The latest "Best Places to Retire" feature in this weekend's Wall Street Journal visits our hometown to interview some local retirees and find out why they moved here.

The reasons they cite are the reasons why people of all ages are choosing to live in Portland. Here's a sample of quotes from the article:

  • The working waterfront: "Nancy Vaughan, 60, a pre-K teacher in Southbridge, Mass., and her husband Donald, 72, felt so energized by the harbor activity that they bought their future retirement condo on a former fishing pier. Now, they can smell the briny air. At night, the lights from boats, wharves and buoys glimmer on the water. 'We look out, and there is always something moving, whether seagulls making noise or ferry boats blowing their horns,' Ms. Vaughan says."
  • The vibrant civic community: "Ralph Carmona, 61, a former electric-utility executive, who moved to Portland from Sacramento, Calif., has kept busy teaching a course in Portland politics and policies at the University of Southern Maine's Osher Lifelong Learning Institute, which offers courses for $50 each to people 50 or older. Active in liberal causes, he ran for mayor and recently raised funds for a Cesar Chavez tribute at Portland's historic First Parish Church."
  • The walkable neighborhoods, and the ability to live a car-free lifestyle: "Doug Bruns, 57, a retired head of an office-furniture company, and his wife moved to Portland to downsize. They sold their 4,500-square-foot-house in the Maryland suburbs and bought a 1,600-square-foot condo on the city waterfront. When they lived in Maryland, the Brunses had three cars and drove most everywhere. In Portland, they have one car and two bicycles. 'With a two-minute walk, we can go to movies or have a nice dinner,' Mr. Bruns says."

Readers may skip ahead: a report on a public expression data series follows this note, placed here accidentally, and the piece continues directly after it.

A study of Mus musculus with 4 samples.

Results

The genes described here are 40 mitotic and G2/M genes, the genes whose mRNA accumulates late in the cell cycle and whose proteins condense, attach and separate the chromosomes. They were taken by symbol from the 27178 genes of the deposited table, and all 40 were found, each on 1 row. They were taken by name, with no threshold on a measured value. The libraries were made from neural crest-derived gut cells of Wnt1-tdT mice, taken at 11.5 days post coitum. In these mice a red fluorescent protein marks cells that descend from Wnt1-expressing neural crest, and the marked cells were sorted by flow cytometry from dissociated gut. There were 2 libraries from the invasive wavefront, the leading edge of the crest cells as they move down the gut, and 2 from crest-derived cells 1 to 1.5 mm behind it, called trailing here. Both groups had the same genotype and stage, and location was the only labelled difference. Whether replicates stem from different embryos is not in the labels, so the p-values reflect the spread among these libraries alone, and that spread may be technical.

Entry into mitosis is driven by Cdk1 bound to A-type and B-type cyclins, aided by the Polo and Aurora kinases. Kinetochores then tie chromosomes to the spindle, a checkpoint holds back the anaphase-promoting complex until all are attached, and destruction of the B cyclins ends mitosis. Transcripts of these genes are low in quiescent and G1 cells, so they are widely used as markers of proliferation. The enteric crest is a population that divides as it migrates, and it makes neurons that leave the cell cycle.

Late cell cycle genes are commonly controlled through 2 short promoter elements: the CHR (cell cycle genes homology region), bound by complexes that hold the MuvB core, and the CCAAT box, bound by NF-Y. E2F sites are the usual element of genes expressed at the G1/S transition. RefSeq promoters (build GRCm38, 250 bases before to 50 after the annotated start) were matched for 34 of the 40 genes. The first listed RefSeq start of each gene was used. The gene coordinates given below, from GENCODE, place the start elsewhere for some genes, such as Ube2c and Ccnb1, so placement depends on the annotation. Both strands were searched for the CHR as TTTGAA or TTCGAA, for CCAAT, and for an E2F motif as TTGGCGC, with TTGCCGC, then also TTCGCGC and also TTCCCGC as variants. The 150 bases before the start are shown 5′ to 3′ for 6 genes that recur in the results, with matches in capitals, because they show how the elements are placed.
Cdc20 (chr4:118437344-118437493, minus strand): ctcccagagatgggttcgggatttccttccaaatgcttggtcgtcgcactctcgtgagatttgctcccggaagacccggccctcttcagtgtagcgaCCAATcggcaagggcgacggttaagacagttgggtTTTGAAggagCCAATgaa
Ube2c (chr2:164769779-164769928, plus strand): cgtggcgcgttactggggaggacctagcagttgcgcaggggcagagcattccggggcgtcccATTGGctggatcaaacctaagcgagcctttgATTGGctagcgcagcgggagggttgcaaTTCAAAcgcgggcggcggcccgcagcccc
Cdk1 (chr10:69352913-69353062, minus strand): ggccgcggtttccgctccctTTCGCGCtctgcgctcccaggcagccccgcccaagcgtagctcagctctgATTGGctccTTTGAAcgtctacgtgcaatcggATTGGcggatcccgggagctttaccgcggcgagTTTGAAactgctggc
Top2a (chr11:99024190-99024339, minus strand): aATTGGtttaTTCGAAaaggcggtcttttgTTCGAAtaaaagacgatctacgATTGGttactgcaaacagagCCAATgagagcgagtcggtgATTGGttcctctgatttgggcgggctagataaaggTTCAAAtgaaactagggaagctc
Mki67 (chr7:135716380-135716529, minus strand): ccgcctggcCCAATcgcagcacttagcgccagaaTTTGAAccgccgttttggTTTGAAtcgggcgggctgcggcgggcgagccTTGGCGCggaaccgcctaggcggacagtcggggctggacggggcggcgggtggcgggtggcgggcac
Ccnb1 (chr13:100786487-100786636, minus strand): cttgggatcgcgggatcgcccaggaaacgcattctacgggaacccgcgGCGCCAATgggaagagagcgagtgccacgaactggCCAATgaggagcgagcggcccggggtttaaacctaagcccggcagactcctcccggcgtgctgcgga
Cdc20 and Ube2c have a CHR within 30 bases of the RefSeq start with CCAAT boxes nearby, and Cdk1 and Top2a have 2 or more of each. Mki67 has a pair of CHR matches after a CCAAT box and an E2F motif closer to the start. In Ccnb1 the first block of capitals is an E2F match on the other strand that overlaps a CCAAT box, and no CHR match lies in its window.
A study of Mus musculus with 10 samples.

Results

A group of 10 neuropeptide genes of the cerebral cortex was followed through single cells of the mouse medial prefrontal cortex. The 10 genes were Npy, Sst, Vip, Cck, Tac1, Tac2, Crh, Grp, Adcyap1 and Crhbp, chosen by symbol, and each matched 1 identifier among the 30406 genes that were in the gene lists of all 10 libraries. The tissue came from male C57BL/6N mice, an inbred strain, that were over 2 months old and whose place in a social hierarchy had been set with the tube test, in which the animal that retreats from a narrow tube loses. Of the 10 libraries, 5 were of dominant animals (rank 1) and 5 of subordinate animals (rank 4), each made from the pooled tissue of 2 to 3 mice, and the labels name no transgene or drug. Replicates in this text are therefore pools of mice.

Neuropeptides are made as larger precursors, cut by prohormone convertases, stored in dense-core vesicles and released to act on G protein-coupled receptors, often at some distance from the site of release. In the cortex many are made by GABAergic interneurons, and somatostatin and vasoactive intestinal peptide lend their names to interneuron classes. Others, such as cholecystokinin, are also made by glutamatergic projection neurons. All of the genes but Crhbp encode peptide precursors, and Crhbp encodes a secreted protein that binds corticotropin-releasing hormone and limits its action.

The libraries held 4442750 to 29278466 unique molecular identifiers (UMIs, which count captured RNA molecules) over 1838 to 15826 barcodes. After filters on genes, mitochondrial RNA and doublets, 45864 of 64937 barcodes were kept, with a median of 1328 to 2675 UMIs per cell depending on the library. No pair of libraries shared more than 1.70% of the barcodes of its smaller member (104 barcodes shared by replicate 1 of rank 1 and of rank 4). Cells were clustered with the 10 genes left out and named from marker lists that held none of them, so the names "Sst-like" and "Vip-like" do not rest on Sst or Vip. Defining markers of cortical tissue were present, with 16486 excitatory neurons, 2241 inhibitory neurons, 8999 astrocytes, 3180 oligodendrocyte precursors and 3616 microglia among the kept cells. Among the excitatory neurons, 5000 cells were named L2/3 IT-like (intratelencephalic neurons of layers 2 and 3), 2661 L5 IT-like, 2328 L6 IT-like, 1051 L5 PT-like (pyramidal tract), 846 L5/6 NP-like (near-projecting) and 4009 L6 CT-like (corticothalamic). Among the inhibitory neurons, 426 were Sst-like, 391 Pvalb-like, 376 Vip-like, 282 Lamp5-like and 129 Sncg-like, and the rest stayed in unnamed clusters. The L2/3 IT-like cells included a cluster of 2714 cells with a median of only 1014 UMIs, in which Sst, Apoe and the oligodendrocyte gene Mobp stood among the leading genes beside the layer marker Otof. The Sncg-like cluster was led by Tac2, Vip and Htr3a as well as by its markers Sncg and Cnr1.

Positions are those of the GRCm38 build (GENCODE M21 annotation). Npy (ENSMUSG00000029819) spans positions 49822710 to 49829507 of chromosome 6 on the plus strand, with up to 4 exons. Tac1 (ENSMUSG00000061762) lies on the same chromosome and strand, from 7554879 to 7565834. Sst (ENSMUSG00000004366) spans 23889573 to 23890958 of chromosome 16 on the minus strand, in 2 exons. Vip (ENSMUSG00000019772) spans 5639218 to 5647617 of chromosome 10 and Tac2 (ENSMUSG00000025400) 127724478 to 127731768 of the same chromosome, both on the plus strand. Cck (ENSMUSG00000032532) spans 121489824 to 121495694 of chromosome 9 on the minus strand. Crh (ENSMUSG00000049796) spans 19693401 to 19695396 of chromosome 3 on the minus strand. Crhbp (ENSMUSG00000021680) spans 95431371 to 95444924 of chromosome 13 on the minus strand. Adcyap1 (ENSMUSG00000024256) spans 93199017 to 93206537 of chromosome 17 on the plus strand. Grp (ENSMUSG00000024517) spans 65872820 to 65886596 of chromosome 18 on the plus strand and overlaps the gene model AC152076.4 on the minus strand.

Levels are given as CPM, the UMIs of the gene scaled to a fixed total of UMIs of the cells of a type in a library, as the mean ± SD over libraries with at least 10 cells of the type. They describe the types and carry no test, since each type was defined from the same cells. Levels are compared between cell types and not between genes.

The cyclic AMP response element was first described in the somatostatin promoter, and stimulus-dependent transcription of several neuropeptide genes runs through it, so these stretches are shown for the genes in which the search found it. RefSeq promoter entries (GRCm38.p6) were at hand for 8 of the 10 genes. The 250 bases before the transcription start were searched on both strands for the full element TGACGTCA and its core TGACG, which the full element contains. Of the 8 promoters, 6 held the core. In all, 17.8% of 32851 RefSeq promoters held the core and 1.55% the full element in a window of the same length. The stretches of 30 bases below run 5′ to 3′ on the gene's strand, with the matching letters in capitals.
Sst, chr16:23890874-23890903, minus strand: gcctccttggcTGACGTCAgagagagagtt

• It's still affordable (and the taxes are worth it): "'For an East Coast city, it's still a very good buy,' says Bob Krug, 87, who moved to Portland from Taos, N.M. It is taxing, though: Maine has both an income and a sales tax, and Portland property taxes are relatively high. 'Portland is a service-rich town that does a great job of snowplowing and repairs,' says Mr. Krug. 'You pay for it in a high tax rate.'

    "Still, he says, it's a good trade-off. 'The amenities and really good restaurants would be hard to imagine in a city of even twice the size,' he says."

Top photo: Munjoy Hill and Portland Harbor seen from the Portland Observatory, by Christian MilNeil.